TRENDING DOWN: Hearst has quietly shuttered its free newspaper TrendingNY, WWD has learned.
Editorial staff, which totaled about eight and were mostly freelancers, were told of Trending’s demise last week, just as the September issue of the fashion- and culture-inspired paper hit the streets. Employees packed up their boxes Wednesday, according to insiders, but they were entirely surprised.
The “freemium” aimed at Millennial women, which was launched last August, had not published in July, as planned. That was “worrisome” to the staff, a source said, as was the obvious declining number of advertising pages per issue.
Initially, TrendingNY was developed as a weekly paper to be distributed during fashion week. Each issue had a print run of about 50,000 copies, and were meant to focus on New York-centric cultural events. Just three months after it launched, Hearst said it was upping Trending’s frequency in 2015 to nine issues, with a new edition distributed the first week of each month from April to December.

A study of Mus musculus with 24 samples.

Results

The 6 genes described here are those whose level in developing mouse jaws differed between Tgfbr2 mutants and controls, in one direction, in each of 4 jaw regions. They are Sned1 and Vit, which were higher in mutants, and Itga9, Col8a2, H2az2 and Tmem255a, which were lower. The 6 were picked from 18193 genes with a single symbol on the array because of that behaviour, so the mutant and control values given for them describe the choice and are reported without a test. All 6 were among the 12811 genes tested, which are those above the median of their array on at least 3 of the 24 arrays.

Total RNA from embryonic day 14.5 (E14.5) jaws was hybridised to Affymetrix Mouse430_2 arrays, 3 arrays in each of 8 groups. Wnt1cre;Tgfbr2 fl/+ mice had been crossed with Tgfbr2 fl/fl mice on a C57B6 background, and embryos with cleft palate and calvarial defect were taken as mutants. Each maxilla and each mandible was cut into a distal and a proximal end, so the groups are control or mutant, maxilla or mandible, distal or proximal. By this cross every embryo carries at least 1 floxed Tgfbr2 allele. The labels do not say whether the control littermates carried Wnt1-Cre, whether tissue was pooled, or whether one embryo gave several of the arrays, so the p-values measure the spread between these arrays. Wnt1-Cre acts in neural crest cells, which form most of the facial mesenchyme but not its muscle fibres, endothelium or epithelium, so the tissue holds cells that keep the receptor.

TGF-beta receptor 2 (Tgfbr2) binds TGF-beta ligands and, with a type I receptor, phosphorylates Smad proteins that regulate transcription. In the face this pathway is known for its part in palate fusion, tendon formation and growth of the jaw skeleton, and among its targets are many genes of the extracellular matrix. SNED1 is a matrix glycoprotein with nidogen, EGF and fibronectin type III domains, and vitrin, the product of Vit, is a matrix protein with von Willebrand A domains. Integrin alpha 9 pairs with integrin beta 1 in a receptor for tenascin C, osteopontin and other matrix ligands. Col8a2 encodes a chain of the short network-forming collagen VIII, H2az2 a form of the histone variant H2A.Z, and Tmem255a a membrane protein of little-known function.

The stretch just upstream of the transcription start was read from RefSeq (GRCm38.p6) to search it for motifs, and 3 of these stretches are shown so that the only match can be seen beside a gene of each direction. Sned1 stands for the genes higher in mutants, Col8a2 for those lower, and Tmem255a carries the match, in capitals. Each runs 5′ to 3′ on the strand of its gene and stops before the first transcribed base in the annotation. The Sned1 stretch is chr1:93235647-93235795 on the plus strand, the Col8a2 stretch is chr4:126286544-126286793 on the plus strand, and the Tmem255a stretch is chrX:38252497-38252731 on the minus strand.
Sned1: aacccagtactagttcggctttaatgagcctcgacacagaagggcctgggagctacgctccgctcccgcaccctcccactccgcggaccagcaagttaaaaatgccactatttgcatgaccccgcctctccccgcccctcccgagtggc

At the time, Michael Clinton, president of marketing and publishing director of Hearst Magazines, said TrendingNY would feature heavier, glossier cover stock and its circulation would double to 100,000 copies an issue from the initial print run of 50,000.
Clinton said each issue would be “at minimum” 52 pages, and pointed to advertisers such as Banana Republic, Bloomingdale’s, Estée Lauder and Macy’s, as launch sponsors.
The hope was to lure in more beauty, retail and fashion advertisers, but insiders noted that it apparently hadn’t worked as planned.
Case in point: An insider pointed to the current and final September issue, which was billed as a thicker, more fashion-heavy edition (for obvious reasons), adding: “It was supposed to be a big issue. I didn’t hand count, but there were not a lot of ads. Each issue was thinner and thinner.”
A spokeswoman from Hearst said: “TrendingNY is a successful, ongoing experiment for us, a new model and a new way to reach young women. For now, we are moving away from a monthly frequency, but expect to see Trending ‘pop-up’ going forward.”
The pop-up model is used at freemium “Branché,” which is produced by the editors of Hearst-owned Marie Claire magazine.